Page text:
Champagne sales were flat in the first quarter of 2008, marking an end to the strong growth trend of recent years, figures from the Union des Maisons de Champagne (UMC) have shown.

There was a 10% decline in volumes exported to the US during the period as the impact of the economic crisis across the Atlantic began to kick in, coupled with the dollar's weakness against the euro. This followed a 6.2% dip in US shipments in the whole of last year.

Speaking to just-drinks today (6 May), UMC president, Ghislain de Montgolfier, who also heads the Bollinger Champagne house, admitted that the US market had perhaps dipped more quickly than expected several months ago. US distributors were finding it difficult to cope with an exchange rate of EUR1 for US$1.55-1.60, when sales prices last autumn had been discussed on the basis of EUR1 for USD$1.40.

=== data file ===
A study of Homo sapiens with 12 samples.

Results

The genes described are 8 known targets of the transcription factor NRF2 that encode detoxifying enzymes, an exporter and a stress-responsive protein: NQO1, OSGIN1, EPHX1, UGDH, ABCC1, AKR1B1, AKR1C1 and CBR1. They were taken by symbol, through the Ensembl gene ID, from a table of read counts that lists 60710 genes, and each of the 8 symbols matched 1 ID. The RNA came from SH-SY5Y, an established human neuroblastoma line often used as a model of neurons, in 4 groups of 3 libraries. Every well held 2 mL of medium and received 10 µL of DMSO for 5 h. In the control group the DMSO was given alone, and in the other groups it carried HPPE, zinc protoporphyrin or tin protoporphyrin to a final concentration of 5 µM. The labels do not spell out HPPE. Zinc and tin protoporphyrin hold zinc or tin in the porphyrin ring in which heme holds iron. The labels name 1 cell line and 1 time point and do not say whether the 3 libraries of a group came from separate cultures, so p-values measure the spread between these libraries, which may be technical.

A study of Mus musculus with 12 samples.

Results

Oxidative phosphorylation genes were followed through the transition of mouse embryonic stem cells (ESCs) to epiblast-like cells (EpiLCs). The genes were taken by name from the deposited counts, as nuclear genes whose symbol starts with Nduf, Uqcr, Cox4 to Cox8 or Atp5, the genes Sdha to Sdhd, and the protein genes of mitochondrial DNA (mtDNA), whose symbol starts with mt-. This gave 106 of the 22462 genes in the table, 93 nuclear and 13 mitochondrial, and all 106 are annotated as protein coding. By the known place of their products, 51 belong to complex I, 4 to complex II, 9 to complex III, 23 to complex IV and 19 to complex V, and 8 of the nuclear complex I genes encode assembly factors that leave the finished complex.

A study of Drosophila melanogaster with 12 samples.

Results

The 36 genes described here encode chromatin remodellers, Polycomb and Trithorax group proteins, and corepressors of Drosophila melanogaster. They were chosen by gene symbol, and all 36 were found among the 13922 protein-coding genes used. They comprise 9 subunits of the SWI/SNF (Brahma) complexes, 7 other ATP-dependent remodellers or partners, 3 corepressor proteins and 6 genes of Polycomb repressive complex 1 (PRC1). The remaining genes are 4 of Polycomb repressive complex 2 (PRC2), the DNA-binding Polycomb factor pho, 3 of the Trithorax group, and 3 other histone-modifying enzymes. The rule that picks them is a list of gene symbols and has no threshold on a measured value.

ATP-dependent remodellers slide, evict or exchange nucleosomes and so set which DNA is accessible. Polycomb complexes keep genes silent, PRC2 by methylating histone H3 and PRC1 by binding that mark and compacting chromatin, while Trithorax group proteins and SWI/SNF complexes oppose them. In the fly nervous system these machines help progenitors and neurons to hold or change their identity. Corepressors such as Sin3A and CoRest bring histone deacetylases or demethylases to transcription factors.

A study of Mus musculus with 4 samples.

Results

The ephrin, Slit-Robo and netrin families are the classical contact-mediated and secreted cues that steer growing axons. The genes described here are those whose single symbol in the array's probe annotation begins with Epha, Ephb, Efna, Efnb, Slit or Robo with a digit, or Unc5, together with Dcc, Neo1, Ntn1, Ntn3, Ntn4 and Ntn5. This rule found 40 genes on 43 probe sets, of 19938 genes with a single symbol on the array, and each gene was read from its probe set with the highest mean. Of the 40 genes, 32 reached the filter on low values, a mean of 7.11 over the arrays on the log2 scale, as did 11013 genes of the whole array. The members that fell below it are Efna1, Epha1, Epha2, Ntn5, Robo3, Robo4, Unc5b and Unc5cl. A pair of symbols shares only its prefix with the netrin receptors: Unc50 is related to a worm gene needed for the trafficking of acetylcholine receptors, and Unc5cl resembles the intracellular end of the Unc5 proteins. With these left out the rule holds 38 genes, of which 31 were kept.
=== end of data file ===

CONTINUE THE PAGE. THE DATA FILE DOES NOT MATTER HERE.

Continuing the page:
"However, we have every faith in the US market's capacity to bounce back in the short-term and things could well look brighter from the first quarter 2009 onwards," de Montgolfier added.

He played down any talk of demand for Champagne tailing off globally.  "If we look at the euro zone and emerging markets for Champagne such as Russia and China and also Japan and the UK, the picture remains very positive.

"Growth may have been zero during the first quarter but let's not forget that 2007 was a record year," de Montgolfier added. "As things stand currently, we expect 2008 to be down only slightly on last year with possibly a few million bottles less sold.

"This year we're likely to see greater market stability and more reasonable growth. Records cannot be broken every year."